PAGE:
Style and Technique

(Comprehensive Guide to Short Stories, Critical Edition)

Nature imagery underlines the plot and meaning. Although authors typically associate death with autumn and winter, Brentley’s supposed death occurs in the spring. The trees are “all aquiver” with new life. Rain has fallen, purifying the air, and now the clouds are parting to show “patches of blue sky.” This scene mirrors Louise’s situation. The death of Brentley marks the end of the winter of her discontent; her soul can awake from its torpor. She can realize the full potential of her life, so she, like the trees, feels aquiver with life. The clouds again represent her married life, which cast shadows on her happiness, but now the horizon of her life is clearing. As she contemplates her future, she imagines “spring days and summer days” only, not autumn or winter days, because she links herself to the seasons of rebirth and ripening.

In contrast to the world of nature is the cloistered, confining house, symbol of domesticity. In her own room she looks through an open window, another symbol of her freedom. The window does not intervene between her and nature and allows her the scope of infinite vision. She herself locks and unlocks the door to her room, admitting or excluding whomever she wants. She has what Virginia Woolf stressed as so important, a room of her own. However, it is only a temporary, and finally an inadequate, refuge. She leaves it, as she must, to rejoin her sister and Richards; in unlocking her door she paradoxically consigns herself to the prison of her house. Nowhere else in the house is there even a glimpse of nature, and, in contrast to the open window, the front door is locked; only Brentley has the key. He can come and go as he pleases, but she remains trapped within.

Related to this contrast of nature and house is the imagery of up and down. Louise’s room is upstairs, and from there she looks at the tops of trees and hears the songs of birds on the roof. Her freedom is thus literally elevating. Her leaving this refuge and going down the stairs foreshadows her loss of freedom. She descends from the heaven of solitude to the hell of marriage again, where she encounters her husband. Now death is her only salvation. Instead of soaring freely like the birds, she can escape only by sinking still lower, into the grave.

The Story of an Hour Historical Context

The Woman Question
"The Story of an Hour" was published in 1894, an era in which many social and cultural questions occupied...

(The entire section is 224 words.)

The Story of an Hour Literary Style

The action of "The Story of an Hour" is simple: Mrs. Mallard, who suffers from "a heart trouble," is informed about her husband's demise in a...

(The entire section is 520 words.)

The Story of an Hour Compare and Contrast

1890s: The suffragist movement unites in the National American Woman Suffrage Association (NAWSA). Wyoming becomes the first state to...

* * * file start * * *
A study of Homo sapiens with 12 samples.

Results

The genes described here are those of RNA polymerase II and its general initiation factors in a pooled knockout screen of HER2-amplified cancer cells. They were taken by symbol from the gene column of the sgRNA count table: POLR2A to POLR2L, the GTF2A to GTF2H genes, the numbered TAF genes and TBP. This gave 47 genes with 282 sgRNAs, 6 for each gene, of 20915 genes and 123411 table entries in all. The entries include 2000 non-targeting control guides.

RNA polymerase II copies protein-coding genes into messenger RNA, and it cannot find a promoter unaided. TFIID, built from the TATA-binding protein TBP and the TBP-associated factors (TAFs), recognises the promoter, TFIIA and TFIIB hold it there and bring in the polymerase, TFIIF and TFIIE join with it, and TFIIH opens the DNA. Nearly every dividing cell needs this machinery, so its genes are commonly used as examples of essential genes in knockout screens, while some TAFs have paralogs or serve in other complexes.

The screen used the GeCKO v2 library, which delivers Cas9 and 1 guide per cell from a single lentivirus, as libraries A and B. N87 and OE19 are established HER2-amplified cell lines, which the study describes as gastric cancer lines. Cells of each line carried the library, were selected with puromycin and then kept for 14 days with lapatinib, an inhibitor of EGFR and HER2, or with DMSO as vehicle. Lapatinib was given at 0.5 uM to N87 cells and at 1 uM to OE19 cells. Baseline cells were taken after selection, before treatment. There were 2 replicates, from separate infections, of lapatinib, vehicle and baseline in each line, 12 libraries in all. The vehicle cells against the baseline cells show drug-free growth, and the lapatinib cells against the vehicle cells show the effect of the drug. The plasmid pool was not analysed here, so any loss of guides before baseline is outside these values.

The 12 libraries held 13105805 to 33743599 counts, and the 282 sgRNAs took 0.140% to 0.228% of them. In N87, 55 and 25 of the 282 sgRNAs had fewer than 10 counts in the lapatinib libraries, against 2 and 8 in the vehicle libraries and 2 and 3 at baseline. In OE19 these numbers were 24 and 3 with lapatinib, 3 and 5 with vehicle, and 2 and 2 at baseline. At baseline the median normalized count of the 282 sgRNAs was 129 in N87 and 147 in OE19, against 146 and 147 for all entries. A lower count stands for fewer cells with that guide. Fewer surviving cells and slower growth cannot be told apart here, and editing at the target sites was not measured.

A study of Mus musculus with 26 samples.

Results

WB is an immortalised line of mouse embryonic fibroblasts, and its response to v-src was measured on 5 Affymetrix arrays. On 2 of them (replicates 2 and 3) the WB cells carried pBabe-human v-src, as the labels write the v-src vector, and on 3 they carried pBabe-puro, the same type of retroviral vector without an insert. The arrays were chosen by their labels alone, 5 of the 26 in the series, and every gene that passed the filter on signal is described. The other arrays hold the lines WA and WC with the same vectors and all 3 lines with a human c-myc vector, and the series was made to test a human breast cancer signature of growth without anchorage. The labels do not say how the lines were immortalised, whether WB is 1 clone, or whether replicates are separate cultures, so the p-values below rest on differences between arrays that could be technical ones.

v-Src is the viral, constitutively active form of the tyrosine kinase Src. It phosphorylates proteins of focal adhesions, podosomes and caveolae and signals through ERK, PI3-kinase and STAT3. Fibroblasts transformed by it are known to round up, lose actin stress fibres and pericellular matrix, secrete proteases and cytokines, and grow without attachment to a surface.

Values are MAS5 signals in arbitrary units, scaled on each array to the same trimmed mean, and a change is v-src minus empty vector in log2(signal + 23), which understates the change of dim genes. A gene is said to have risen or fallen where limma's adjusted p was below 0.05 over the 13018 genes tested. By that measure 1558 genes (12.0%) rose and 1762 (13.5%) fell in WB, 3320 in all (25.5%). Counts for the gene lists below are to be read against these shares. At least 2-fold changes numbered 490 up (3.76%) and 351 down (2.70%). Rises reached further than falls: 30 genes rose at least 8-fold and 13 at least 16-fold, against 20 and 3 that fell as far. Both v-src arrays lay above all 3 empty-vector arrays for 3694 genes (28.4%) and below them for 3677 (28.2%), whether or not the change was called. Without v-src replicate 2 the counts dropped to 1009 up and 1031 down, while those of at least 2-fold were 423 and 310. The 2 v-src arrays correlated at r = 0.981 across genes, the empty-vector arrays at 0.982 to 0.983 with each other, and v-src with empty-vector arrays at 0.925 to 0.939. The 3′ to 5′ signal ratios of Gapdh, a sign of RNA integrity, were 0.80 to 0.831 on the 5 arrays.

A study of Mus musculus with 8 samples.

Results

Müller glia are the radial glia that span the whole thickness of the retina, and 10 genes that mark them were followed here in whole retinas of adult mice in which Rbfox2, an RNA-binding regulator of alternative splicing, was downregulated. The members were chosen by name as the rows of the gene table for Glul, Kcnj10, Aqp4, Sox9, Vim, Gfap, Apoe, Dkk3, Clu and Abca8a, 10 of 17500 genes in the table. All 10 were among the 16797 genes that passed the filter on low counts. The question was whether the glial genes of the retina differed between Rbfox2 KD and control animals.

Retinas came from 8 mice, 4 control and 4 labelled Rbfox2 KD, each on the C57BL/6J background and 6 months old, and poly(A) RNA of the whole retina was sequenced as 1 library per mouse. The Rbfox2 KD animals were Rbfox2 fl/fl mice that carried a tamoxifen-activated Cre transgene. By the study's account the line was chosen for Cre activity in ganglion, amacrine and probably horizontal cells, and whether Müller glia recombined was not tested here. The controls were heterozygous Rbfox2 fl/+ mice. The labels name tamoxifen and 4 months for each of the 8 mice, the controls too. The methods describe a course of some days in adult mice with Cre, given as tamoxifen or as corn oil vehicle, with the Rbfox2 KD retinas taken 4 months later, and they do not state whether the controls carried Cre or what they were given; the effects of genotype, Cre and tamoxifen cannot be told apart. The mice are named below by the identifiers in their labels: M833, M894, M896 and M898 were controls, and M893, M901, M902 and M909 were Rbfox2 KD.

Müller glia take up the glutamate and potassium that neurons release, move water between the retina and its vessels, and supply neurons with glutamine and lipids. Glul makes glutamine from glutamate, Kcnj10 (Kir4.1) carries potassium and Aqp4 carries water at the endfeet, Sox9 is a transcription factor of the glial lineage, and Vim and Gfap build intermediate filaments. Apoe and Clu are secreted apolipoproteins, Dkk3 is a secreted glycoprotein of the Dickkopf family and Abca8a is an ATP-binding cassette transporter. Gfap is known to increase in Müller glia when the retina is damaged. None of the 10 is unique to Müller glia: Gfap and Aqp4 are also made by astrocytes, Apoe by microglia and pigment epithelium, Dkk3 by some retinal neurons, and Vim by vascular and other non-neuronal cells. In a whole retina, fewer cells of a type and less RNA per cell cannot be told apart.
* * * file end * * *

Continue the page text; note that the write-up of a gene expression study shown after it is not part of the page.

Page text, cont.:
(The entire section is 171 words.)

The Story of an Hour Topics for Further Study

Research marriage law in the 1890s and compare this to contemporary marriage laws. How has the institution of marriage changed in the last...

(The entire section is 98 words.)

The Story of an Hour Media Adaptations

"The Story of an Hour," was adapted in 1985 into a 56-minute long video, Kate Chopin: The Joy That Kills, available through Films for...

(The entire section is 43 words.)

The Story of an Hour What Do I Read Next?

The Awakening, Kate Chopin's 1899 novel, tells of Edna Pointellier, a traditional wife and mother who becomes "awakened" to sexual and...

(The entire section is 100 words.)

The Story of an Hour Bibliography and Further Reading

Bender, Bert, "Kate Chopin's Lyrical Short Stories," Studies in Short Fiction, Vol XI, no. 3, Summer, 1974, pp....

(The entire section is 102 words.)

The Story of an Hour Bibliography

(Comprehensive Guide to Short Stories, Critical Edition)

Beer, Janet. Kate Chopin, Edith Wharton, and Charlotte Perkins Gilman: Studies in Short Fiction. New York: St. Martin’s Press, 1997.

Beer, Janet, and Elizabeth Nolan, eds. Kate Chopin’s “The Awakening”: A Sourcebook. New York: Routledge, 2004.

Bonner, Thomas, Jr. The Kate Chopin Companion. New York: Greenwood Press, 1988.

Boren, Lynda S., and Sara de Saussure Davis, eds. Kate Chopin Reconsidered: Beyond the Bayou. Baton Rouge: Louisiana State University Press, 1992.

Koloski, Bernard. Kate Chopin: A Study of the Short Fiction. New York: Twayne, 1996.

Petry, Alice Hall, ed. Critical Essays on Kate Chopin. New York: G. K. Hall, 1996.

Skaggs, Peggy. Kate Chopin. Boston: Twayne, 1985.

Stein, Allen F. Women and Autonomy in Kate Chopin’s Short Fiction. New York: Peter Lang, 2005.

Taylor, Helen. Gender, Race, and Religion in the Writings of Grace King, Ruth McEnery Stuart, and Kate Chopin. Baton Rouge: Louisiana State University Press, 1989.

Toth, Emily. Kate Chopin. New York: William Morrow, 1990.

Toth, Emily. Unveiling Kate Chopin. Jackson: University Press of Mississippi, 1999.